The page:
How To Size UPS Systems In kVA and kW


The Difference Between VA and Watts

VA measures the ‘Apparent Power’ being drawn with the formula being: load amperage (Amps) drawn multiplied by the mains power supply voltage (V). To work out the kVA the VA is multiplied by 1000.

Watts measures the ‘Real Power’ drawn by a device or system. This is the reading used by electrical utility companies to charge for the hourly electricity used and is normally expressed as kWh (kilowatt-hours) or MWh (Mega Watt Hours) or GWh (Giga Watt hours). In some environments such as a co-location (co-lo) datacentre clients are charged for the electricity their dedicated servers and IT systems draw by as on their kWh usage. In terms of electrical efficiency, the most commonly used measure in a datacentre is Power Usage Efficiency (PUE) where PUE = Total Facility Energy / IT Equipment Energy with both ‘Energy’ values measured in Watts.

When sizing a UPS system, the power protection specialists at Server Room Environments will calculate bot the VA and Watts used in order to accurately size a UPS system. Real Power is also used for battery runtime calculations and the right value is critical to ensuring the UPS battery is sized to provide the backup power time required.

Calculating Apparent Power

In order to calculate the Apparent Power (VA), it is important to know whether the mains power supply is a single phase or three phase supply and whether the loads are drawing three or single phase. It is possible to supply three basic configuration of UPS system referred to as a single-phase output (1/1 or 3/1) or three phase output referred to as a 3/3 configured system.

Electrical Supply and Distribution Considerations

When assessing the electrical supplies it is also important to consider other factors including:

  • Load currents (Amps) for normal running and on start-up
  • Load power draw (Watts)
  • Energy efficiency measures including eco-operation and standby/sleep modes
  • Upstream electrical distribution and breaker types and sizes for safe discrimination
  • Electrical cable sizes, ratings and lengths
  • Downstream power distribution and power cord arrangements

Measurements can be made using RMS meters and these will be more accurate than referring to rating plates or manuals or specifications which will simply state maximum design values. Small single-phase UPS systems may be based on VA ratings but larger systems above 3kVA are best sized according to the Watts Real Power required.

Supply and Load Power Factors (kVA vs kW)

The relationship between VA and Watts is referred to as a ratio known as the Power Factor (pF). In order to achieve the best operating efficiencies many loads are moving towards Unity power factor where the ratio equals ‘1.0’. In this instance the kVA to kW or kW to kVA calculation conversion factor is 1.

UPS systems will have both an input power factor and an output power factor. The input power factor is the load of the UPS system on the local mains power supply or a standby power generator. Modern UPS systems are moving towards Unity and at least greater than 0.9 to improve electrical energy efficiency. The higher the input power factor, the more closely matched the input current and voltage waveform requirements of the UPS system to the mains or generator supply.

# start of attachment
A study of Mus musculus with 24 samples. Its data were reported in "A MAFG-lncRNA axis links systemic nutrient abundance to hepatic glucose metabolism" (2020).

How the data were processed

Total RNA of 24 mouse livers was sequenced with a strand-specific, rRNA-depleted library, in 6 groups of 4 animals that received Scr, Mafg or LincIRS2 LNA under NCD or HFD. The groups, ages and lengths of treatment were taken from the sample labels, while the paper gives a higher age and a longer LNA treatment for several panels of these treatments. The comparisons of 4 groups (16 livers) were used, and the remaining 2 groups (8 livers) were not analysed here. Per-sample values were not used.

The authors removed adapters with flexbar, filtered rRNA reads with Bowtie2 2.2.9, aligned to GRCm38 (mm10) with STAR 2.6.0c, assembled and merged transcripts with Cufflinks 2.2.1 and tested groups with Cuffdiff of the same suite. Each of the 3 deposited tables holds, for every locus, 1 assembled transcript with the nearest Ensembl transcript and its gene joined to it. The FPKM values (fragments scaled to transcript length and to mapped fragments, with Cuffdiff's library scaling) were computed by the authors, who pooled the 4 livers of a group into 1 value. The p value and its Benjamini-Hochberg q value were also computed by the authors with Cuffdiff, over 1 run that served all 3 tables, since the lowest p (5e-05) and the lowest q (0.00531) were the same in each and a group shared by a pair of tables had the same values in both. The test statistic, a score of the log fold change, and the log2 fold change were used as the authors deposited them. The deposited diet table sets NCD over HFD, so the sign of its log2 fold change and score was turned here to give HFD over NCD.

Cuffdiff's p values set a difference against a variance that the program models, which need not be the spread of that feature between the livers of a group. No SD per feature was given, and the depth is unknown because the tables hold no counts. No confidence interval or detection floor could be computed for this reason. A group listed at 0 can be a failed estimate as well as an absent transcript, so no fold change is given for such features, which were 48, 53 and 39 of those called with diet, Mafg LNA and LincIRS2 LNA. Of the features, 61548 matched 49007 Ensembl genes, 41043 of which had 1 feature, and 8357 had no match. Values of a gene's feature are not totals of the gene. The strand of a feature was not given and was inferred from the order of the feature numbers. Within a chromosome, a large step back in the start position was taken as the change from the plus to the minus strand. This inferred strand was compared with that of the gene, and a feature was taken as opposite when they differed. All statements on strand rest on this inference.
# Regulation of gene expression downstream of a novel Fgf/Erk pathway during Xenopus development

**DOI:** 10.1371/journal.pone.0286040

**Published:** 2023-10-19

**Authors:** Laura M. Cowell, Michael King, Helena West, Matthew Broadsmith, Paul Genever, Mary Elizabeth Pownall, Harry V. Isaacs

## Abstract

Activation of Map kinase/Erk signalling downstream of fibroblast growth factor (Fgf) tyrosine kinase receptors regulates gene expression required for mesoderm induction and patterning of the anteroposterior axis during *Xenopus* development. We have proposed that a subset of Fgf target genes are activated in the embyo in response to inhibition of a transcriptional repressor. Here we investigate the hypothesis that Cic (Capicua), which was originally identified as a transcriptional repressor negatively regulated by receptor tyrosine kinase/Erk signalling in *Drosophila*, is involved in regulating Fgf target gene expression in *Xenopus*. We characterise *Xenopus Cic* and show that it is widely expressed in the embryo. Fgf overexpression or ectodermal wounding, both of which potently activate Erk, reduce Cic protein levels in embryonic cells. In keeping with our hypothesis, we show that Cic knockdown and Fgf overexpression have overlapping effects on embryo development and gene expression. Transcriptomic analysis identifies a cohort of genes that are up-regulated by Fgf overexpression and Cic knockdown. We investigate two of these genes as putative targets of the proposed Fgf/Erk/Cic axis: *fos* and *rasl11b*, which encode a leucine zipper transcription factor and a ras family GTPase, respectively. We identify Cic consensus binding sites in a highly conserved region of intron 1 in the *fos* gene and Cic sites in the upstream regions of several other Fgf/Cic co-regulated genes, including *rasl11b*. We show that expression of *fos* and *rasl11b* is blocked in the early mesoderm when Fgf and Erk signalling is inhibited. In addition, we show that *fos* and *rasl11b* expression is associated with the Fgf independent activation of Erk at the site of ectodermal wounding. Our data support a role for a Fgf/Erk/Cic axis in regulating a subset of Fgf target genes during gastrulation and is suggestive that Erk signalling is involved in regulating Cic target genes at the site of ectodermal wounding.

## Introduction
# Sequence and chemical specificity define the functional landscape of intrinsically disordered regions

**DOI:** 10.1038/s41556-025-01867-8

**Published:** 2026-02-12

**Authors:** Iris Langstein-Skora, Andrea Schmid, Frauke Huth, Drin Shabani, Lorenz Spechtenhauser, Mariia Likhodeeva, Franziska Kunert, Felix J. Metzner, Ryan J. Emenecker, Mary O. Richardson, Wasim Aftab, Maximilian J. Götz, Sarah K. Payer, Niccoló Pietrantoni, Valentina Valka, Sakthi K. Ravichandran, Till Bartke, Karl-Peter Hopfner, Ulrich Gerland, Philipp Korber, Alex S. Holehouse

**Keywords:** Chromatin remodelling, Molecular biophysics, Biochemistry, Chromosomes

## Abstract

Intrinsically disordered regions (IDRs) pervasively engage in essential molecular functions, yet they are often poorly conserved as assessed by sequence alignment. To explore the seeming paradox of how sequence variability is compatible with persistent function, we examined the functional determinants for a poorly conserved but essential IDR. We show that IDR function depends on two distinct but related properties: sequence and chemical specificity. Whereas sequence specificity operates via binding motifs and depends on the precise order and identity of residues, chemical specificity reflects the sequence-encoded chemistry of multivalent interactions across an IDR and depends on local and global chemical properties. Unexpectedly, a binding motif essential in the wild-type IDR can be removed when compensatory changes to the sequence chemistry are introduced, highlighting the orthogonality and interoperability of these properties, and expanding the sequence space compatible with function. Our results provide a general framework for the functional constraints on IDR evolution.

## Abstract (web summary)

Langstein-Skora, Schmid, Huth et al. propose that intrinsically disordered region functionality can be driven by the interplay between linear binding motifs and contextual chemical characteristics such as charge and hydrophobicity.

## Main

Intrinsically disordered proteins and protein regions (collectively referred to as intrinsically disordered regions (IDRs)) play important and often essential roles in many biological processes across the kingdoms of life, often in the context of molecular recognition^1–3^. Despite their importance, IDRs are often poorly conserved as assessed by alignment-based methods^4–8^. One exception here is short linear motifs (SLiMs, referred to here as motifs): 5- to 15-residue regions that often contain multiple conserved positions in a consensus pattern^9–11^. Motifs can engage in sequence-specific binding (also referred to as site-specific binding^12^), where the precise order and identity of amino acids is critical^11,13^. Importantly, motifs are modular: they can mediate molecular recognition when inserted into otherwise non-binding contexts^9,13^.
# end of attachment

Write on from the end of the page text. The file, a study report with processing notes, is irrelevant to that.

Output power factors can also vary between UPS systems. An uninterruptible power supply with an output power factor of 0.8 at 100kVA will deliver 80kW i.e. 100*0.8 where as a UPS system with a Unity power factor will deliver 100kW of power.

Switch Mode Power Supplies

At the heat of a server or computer is a switch mode power supply (SMPS) which takes the incoming mains power or generator AC (alternating current) and converts this into the DC (direct current) levels required to power internal circuits and central processing units.

To improve electrical energy efficiency and reduce their impact on the mains power supply, SMPS power supply manufacturers have adopted a Unit or near Unity input power factor for their devices. This change in approach makes sizing uninterruptible power supplies ‘interesting’ as there can be a real difference in the real power (Watts) required between legacy power supplies and modern power supplies.

Older computer and server power supplies may be rated as low as 0.6 power factor. Whilst they require 1000VA UPS their actual real power requirement may only be 600W. A more modern power supply rated at 1000VA Unity would require a 1000W supply. Within a datacentre or server room environment with a high deployment of servers the different power factors can lead to weak or incorrect UPS sizing if not allowed for.

Legacy UPS System Upgrades

Where a legacy UPS is being considered for swap out, a more modern and Unity output rated UPS systems will be smaller and more compact. This is not just by design but also by being able to deliver more real power kilowatts. A 100kVA UPS rated at 0.8pF could require a replacement UPS size of 80kVA if the new unit is Unity rated where 80kVA=80kW.

Please contact our power protection consultants for further information on our UPS systems and sizing formulae. In addition to technical support, we provide free energy storage and UPS site surveys across the UK and Eire.